Midland Daily News — Retired Physician Commends Stamas, Glenn

Posted Apr 18, 2020

As a retired physician, I am so appreciative of those in the medical field who are still accepting enormous personal risk by caring for us during this pandemic. Those include not only physicians and nurses, but also the check-in clerks, maintenance people, and even housekeeping. They literally put their lives on the line every day. You’ve all heard it before, but not enough. Thank you.

When Gov. Whitmer’s administration attempted to restrict doctors from prescribing hydroxychloroquine and pharmacists from fulfilling their prescriptions, I was truly concerned. Physicians use medications for off-label treatments “all the time.” This means that although a drug is approved for certain conditions, it is used for a different disorder if it appears it might work. It is absolutely legal to use it in this way. Obviously, the prescriber incurs more liability, but it is a common practice for all clinicians. There are many drugs used that way. I myself developed a treatment for the common wart using candida antigen “off label” to often obtain phenomenal results. Although rigid studies have not been done, it has been accepted across the US as an appropriate off-label treatment.https://tpc.googlesyndication.com/safeframe/1-0-37/html/container.html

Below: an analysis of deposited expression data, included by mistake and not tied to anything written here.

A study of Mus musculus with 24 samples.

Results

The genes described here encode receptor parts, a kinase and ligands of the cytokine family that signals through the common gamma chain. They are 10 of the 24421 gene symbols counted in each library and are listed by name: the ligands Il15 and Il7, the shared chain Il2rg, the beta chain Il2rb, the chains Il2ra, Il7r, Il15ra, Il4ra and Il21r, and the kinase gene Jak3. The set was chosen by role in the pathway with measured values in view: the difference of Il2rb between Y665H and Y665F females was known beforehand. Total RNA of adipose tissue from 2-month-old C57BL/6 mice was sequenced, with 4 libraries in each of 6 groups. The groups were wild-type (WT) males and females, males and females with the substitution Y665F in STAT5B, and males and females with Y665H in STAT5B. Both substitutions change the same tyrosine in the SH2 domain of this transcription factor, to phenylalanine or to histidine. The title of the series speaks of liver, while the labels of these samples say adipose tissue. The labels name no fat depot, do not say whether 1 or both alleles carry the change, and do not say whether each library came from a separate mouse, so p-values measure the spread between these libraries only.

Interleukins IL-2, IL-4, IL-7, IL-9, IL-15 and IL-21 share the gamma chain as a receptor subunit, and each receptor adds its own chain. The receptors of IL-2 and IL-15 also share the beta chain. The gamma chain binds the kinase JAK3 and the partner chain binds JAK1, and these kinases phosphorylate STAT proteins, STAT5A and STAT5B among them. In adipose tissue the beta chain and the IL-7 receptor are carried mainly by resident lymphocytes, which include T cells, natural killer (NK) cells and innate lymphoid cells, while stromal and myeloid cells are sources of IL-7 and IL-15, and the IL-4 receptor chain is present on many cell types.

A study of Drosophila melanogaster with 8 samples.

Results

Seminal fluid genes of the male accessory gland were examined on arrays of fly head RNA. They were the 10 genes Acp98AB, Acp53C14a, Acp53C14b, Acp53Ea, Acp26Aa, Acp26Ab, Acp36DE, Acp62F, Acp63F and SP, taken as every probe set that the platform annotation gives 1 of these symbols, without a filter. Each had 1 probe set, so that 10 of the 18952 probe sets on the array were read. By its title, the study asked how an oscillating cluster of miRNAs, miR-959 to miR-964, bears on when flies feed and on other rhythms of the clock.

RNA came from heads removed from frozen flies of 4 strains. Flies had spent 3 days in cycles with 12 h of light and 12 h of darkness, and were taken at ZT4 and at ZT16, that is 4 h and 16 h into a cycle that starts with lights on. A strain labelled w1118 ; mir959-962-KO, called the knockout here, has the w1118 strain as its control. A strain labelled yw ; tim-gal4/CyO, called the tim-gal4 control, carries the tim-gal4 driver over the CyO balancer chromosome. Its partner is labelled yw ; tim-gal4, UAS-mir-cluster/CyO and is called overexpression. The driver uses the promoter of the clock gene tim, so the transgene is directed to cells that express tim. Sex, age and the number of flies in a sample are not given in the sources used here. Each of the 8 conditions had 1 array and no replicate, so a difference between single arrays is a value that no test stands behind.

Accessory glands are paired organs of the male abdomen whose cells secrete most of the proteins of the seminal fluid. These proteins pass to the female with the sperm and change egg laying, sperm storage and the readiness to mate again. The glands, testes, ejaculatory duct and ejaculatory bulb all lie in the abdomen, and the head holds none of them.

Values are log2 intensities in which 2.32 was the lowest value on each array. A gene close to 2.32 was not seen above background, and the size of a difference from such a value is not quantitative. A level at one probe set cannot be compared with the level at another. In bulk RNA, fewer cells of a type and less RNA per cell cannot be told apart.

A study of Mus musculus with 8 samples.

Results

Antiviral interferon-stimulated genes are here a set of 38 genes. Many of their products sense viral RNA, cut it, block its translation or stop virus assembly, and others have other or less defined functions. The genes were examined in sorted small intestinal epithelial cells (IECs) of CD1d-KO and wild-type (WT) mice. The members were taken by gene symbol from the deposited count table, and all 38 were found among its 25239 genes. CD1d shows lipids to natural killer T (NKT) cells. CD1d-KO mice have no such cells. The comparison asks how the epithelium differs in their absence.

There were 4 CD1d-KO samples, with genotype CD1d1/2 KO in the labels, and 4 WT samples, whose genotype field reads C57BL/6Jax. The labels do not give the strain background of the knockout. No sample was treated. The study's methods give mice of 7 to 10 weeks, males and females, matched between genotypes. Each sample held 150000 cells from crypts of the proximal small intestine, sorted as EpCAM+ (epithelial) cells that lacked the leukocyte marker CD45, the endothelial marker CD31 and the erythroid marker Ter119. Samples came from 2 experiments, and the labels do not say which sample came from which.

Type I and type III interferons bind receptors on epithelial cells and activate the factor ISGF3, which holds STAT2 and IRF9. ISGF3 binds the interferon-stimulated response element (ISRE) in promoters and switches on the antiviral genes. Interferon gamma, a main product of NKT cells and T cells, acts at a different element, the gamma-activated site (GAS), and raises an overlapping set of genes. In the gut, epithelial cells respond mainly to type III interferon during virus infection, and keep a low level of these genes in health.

Hydroxychloroquine has been used for over 50 years to treat malaria and conditions like lupus. It’s not approved for the current coronavirus but many feel it would be of therapeutic or prophylactic benefit. Concerns about its use include possible side effects. However, one doctor, who has over 2,000 patients at any one time taking it long term, said that after using it for 40 years, he hasn’t had even one patient with a complication significant enough to require hospital admission.

I’m not sure then why the governor attempted to limit physicians and pharmacists like she did. Physicians make life-changing therapeutic decisions every day and are required to take many ethics courses during their training. We are accustomed to looking at the literature and deciding what drugs are useful or not.